Homemade cake too much for you? Don’t feel guilty — here’s why it’s all right to leave some things to the professionals.
Mark Bittman’s “How to Bake Everything” came out in October, and it’s been sitting on my desk, looking at me balefully, ever since. It’s a tome — 703 pages long, with recipes from Afghan snowshoe naan (“somewhere between a flatbread and a fully risen loaf”) to zuppa Inglese (an Italian version of trifle), and, indeed, everything in between.
I kept thinking: I should bake more. I love baked goods — my first job was behind the counter at Seattle’s late, great Boulangerie (under its original ownership), where I ate my teenage weight in leftover French bread and pastries after closing every shift. I became a successful, if not especially ambitious, home baker: cookies, cake, pie or quiche with decent, from-scratch crust.
Then my baking went bad. Everything started turning out terribly: dry, tasteless, wrong. I kept trying, intermittently, until I baked a cake and decided to even out the top with a serrated knife before icing it. The scraps I’d sliced off tasted like sand. I threw the two layers, one after the other, out the kitchen window; they landed with audible thuds in the driveway of the apartment building. Not even pigeons or raccoons would touch this cake; it lay there until I threw it away a day or two later.
Finally, in a belated stroke of deduction, I realized the oven in the apartment’s old electric range was running hot by about 25 degrees, overbaking everything — easy enough to adjust for, it turned out.
Perhaps unsurprisingly, the masterful Seattle bakers I consulted tend to agree. Admitting that it might sound “self-serving,” Neil Robertson of the great Crumble & Flake says, “If you don’t enjoy baking, don’t force — or guilt — yourself into doing it. I have no desire to play a musical instrument and I’m a terrible singer, so I pay other people whose skill and talent I admire to do it for me.”
Rachael Coyle of the excellent Coyle’s Bakeshop reassures us all that “unless you’re a very serious home baker,” croissants can be taken off the table. In fact, she notes, “a lot of the French baking is really not very approachable at home.” (More rustic, traditional English baking is easier, she notes: “Not surprisingly, people do tend to bake at home in the U.K., whereas in France, they’re much more likely to go to the bakery.”) Baking professionals, she sensibly contends, have “what any professional has: a higher familiarity with the minute differences that will make something great versus okay, an ability to fix problems, and a sense of how to adapt the process to varying circumstances.” (The latter, she says, includes adjusting baking times for different ovens. Sigh.)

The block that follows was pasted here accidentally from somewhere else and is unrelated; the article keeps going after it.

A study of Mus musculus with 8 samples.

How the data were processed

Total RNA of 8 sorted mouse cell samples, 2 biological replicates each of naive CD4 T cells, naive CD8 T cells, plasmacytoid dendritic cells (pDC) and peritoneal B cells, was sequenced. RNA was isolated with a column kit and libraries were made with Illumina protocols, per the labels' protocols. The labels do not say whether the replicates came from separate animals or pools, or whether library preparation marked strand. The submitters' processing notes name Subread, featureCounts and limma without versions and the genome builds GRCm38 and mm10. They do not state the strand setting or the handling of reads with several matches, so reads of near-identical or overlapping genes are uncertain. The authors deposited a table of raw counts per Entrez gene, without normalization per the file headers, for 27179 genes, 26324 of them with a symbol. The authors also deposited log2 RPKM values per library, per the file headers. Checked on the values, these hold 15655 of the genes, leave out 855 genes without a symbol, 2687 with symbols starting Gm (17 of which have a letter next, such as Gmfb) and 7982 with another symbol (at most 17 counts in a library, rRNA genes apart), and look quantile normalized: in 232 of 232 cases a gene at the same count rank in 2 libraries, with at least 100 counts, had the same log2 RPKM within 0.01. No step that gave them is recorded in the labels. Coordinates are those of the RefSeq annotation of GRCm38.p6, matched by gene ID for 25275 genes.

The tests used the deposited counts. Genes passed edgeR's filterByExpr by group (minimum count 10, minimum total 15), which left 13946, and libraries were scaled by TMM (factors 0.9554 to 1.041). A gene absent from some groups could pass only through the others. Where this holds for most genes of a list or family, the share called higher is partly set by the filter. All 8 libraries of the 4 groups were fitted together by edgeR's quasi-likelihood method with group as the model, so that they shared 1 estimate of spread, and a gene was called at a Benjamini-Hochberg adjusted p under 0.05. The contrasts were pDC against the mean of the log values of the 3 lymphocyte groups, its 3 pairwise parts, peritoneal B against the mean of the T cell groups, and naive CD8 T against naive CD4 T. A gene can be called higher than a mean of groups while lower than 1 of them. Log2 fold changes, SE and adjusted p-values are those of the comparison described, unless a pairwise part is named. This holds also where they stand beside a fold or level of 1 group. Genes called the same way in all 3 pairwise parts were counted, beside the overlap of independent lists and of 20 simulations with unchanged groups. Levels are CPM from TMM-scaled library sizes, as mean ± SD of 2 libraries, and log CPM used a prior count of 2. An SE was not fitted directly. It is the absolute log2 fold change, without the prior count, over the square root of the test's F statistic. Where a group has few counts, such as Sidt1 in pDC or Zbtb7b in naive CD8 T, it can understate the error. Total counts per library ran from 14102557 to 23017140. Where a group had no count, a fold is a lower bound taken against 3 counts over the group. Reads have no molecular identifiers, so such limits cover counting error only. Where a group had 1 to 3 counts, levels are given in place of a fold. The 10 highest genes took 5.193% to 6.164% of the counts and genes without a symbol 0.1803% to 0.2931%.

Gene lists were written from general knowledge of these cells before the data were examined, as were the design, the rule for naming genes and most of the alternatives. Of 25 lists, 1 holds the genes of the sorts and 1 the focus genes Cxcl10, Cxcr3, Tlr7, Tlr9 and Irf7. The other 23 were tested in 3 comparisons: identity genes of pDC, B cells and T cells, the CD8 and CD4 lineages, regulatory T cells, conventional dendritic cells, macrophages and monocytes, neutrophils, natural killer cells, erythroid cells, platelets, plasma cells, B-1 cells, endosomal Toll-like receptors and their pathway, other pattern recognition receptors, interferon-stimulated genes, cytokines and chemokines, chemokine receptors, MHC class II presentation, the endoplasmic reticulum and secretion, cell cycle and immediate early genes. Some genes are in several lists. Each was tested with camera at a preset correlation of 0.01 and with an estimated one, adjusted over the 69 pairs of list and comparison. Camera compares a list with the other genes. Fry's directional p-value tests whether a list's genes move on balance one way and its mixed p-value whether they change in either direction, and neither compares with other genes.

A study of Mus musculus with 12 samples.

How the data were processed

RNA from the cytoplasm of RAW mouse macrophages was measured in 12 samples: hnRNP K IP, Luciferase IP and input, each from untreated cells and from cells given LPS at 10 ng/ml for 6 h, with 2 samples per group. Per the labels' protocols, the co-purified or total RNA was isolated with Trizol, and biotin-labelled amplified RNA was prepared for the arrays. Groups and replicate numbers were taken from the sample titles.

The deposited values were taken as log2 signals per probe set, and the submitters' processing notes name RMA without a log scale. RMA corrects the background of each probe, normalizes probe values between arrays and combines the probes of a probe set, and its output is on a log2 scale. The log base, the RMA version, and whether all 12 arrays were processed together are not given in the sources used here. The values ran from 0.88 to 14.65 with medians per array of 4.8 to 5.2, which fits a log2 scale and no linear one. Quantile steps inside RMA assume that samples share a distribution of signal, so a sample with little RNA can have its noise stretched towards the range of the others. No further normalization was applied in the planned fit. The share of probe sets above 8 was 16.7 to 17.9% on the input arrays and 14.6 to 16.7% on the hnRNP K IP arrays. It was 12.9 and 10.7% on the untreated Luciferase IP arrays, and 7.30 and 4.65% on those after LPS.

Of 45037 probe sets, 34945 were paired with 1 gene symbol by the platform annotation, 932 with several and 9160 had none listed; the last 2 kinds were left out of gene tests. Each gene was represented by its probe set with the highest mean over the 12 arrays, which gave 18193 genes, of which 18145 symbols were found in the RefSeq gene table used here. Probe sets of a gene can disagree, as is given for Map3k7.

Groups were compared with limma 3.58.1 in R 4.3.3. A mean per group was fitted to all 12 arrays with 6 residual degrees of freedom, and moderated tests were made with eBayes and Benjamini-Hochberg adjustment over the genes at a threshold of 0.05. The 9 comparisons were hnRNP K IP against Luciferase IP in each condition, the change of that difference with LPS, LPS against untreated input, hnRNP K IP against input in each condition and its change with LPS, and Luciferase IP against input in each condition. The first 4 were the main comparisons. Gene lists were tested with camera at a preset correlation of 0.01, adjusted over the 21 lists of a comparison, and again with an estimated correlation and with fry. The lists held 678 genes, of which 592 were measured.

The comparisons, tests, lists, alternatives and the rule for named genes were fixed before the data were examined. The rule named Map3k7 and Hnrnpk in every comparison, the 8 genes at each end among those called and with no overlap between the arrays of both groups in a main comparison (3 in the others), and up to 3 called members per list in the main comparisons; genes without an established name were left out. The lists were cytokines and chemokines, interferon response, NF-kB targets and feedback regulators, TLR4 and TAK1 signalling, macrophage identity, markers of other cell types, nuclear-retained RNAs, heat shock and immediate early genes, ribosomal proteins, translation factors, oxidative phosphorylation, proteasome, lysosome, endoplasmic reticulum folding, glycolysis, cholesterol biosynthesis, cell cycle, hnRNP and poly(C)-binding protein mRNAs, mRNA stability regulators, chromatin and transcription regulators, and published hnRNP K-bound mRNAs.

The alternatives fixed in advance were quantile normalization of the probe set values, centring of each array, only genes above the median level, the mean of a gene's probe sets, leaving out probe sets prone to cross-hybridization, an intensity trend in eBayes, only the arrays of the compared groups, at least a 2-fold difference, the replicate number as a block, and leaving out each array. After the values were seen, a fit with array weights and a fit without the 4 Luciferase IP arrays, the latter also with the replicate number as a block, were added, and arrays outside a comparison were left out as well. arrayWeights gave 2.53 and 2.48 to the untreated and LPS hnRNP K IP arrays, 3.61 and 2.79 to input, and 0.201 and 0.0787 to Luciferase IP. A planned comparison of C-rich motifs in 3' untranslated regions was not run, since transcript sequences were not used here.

Baking practice makes baking perfection, or at least gets you closer to it, Clare Gordon agrees. She’s the pastry chef behind the gorgeous filled doughnuts at General Porpoise, as well as the breads, rolls and desserts at Bar Melusine and Bateau. She suggests “a more useful, educational approach than the overwhelming, all-inclusive ‘Everything’ that Bittman invites you to tackle” — be a dilettante if you like, but be a selective one, choosing a handful of things. “I truly believe you have to make something three to five times to really master it,” she counsels. Beware baking hubris: “You could accidentally make it perfectly the first time, but then … you don’t really know your pastry.”
As a practical matter, “Ditch the measuring cups,” Gordon advises. “Invest in a scale … They don’t cost much, and they are infinitely more accurate.” And use good eggs, butter and flour: “These ingredients matter. You can taste the difference,” she says.
Gordon also offered to take “How to Bake Everything” off my hands — an endorsement of the potential utility of its encyclopedic approach. Neil Robertson offered a more specific recommendation for “simple, basic recipes” for the home baker: “the old ‘Chez Panisse Desserts’ book.” Rachael Coyle suggests finding a good, reliable crust recipe that works for you, because that “opens up lots of doors for the home baker — pies, galettes, savory tarts.”
Maybe I’ll bake a cake or try a pie crust (or three, or five) again one of these days. And if you make your own croissants, I salute you! Your level of commitment is truly admirable. For that, for me, there’s always Crumble & Flake.